New figures show that the number of UK businesses applying for permission to employ skilled overseas workers has remained static since the start of the year.
The latest figures, released figures released by the Home Office today (21 September), show 29,514 enterprises are registered to sponsor applicants on Tier 2 visas – the main immigration route for working in the UK for skilled workers with a job offer.
Visa sponsorship by an employer is required and the visa is linked to a specific job. At the start of the year the figure stood at 28,734. House of Commons business statistics show there are 1.4 million private sector employers in the UK, which means only 2% are in a position to employ new arrivals from next year.
There have also been 3,955 registrations for a Tier 5 sponsor licence for temporary workers.
The figures suggest that thousands of employers planning to take advantage of the global skills pool to lure the “brightest and the best”, as the government often puts it, will be caught out when the UK leaves the EU on 1 January 2021. From next year, all businesses that employ migrant workers will have to be Home Office-approved. Previously, under free movement principles, firms employing EU workers have not had to register.
Research by immigration specialist A Y & J Solicitors show that there has only been a tiny rise in the numbers registered to become official Home Office visa sponsors, despite the imminent changes.
Director Yash Dubal, said: “The messages encouraging businesses to apply for sponsorship to make the most of the global skills pool appears to have fallen on deaf ears. These figures show a negligible rise in percentage terms. I fear the result will either be an influx of new applications in the last months of the year, which the Home Office could struggle to process, or many businesses that will find themselves unable to employ the calibre of international worker they require because they haven’t got the correct paperwork.”
Chetal Patel, partner in the immigration department at Bates Wells, said: “We haven’t seen the massive surge in sponsor licence applications that we had originally anticipated.
“The Home Office doesn’t want to create a panic if businesses don’t need a sponsor licence but equally they want to avoid a position where businesses aren’t ready for our new immigration system. In the coming months, we can expect more glossy brochures with catch phrases like the application process being simple and straightforward so one would expect a rise in applications.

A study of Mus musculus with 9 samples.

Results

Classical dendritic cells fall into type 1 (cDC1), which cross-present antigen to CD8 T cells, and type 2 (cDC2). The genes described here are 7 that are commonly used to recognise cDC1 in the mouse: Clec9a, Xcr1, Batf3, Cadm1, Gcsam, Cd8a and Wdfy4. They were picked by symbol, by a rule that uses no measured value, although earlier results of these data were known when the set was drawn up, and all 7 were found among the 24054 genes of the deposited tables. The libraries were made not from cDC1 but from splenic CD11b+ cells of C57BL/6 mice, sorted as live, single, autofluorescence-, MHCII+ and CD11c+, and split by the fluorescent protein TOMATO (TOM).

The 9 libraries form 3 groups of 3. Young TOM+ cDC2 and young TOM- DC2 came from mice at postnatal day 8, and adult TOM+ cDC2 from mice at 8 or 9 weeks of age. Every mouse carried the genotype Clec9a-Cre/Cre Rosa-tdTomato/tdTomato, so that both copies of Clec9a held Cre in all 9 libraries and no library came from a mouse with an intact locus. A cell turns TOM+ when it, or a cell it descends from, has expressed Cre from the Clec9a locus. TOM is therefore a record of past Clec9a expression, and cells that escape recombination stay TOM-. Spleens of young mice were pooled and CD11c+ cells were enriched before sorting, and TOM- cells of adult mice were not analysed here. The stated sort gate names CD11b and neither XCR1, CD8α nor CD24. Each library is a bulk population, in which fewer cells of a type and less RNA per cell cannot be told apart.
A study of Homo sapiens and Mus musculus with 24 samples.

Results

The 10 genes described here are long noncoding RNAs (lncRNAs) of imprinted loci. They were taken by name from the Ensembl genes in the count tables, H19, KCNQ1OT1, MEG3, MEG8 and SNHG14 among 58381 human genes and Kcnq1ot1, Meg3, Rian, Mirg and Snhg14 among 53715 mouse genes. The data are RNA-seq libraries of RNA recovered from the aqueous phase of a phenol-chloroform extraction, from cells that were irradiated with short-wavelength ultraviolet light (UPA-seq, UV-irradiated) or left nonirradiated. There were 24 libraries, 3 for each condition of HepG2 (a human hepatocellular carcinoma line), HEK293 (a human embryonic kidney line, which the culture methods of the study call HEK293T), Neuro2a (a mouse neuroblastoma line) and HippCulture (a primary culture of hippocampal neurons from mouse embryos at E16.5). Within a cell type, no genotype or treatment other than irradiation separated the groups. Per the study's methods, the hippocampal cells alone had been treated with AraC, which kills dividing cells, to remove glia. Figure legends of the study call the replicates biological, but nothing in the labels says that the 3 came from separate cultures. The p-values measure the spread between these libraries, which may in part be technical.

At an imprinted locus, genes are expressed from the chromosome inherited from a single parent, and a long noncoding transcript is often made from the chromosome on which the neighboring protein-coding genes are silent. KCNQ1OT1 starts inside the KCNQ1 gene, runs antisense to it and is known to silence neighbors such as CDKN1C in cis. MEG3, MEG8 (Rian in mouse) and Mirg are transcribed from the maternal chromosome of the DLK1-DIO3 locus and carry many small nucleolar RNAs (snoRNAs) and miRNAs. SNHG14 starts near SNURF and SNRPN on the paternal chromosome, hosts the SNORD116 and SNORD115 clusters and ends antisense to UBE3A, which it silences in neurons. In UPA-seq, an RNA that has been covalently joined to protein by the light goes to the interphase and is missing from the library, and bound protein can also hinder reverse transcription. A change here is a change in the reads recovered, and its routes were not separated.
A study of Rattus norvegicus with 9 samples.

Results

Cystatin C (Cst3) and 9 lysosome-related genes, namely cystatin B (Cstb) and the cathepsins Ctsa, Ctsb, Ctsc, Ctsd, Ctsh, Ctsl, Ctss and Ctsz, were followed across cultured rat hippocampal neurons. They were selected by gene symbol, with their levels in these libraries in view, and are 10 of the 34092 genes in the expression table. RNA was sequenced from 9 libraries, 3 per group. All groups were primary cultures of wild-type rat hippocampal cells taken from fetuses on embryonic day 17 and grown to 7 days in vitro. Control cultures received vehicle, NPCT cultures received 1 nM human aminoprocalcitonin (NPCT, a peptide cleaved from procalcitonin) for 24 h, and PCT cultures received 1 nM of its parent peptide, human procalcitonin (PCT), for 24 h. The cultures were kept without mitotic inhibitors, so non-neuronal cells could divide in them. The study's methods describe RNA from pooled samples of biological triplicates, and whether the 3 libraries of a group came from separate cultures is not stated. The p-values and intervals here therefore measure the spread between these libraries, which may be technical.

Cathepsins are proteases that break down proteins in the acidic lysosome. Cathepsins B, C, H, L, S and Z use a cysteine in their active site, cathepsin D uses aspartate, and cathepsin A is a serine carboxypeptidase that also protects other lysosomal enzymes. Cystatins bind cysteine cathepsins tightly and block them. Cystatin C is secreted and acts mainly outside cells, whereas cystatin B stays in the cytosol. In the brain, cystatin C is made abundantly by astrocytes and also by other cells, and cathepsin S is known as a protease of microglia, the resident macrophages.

“The sponsorship process can be cumbersome for organisations. It’s not just a tick box exercise of submitting a sponsor licence application but organisations need to have systems in place to comply with their duties.
“Sponsorship is expensive and more and more clients are considering how to frame the level of support that they provide to sponsored workers with their visa applications. Organisations are having to consider their recruitment budgets for the coming new year and this has been a sensitive matter for some, particularly where businesses have been hit hard by the coronavirus pandemic.”
She added that Bates Wells had seen an increase in instructions for assisting with new sponsor licence applications, particularly where organisations were heavily reliant on a European workforce. Some organisations, she said, had been waiting for more information to be released by the Home Office about when they would start accepting applications under the new immigration system. Once this happened, she added, more sponsor licence applications might be submitted.
The situation is very similar to that in May when Personnel Today last reported on it. Then, Migrate UK managing director Jonathan Beech, said: “With Covid-19 causing significant disruption to business and many directors focused on the here and now, it’s easy to forget Brexit. But for organisations that rely on overseas talent or face skill shortages, it’s imperative to start applying for a licence now, especially with the anticipated sheer volume of applications. If not, businesses may unwittingly miss out on the talent pool and EU workers are already choosing potential employers based on whether they hold a licence or not.”
“This is not only worrying for the future of individual UK organisations having the talent in place to thrive and grow the other side of the current pandemic, but for the future of skills in the UK as a whole.”
Last week, immigration expert and founder of workpermit.com Sanwar Ali wrote of the new regulations on his website that they meant among the outcomes of the changes were “that EU citizens will have to deal with the same restrictive, expensive and confusing immigration rules and procedures as non-EU citizens. In this case equality means fewer rights for more people”.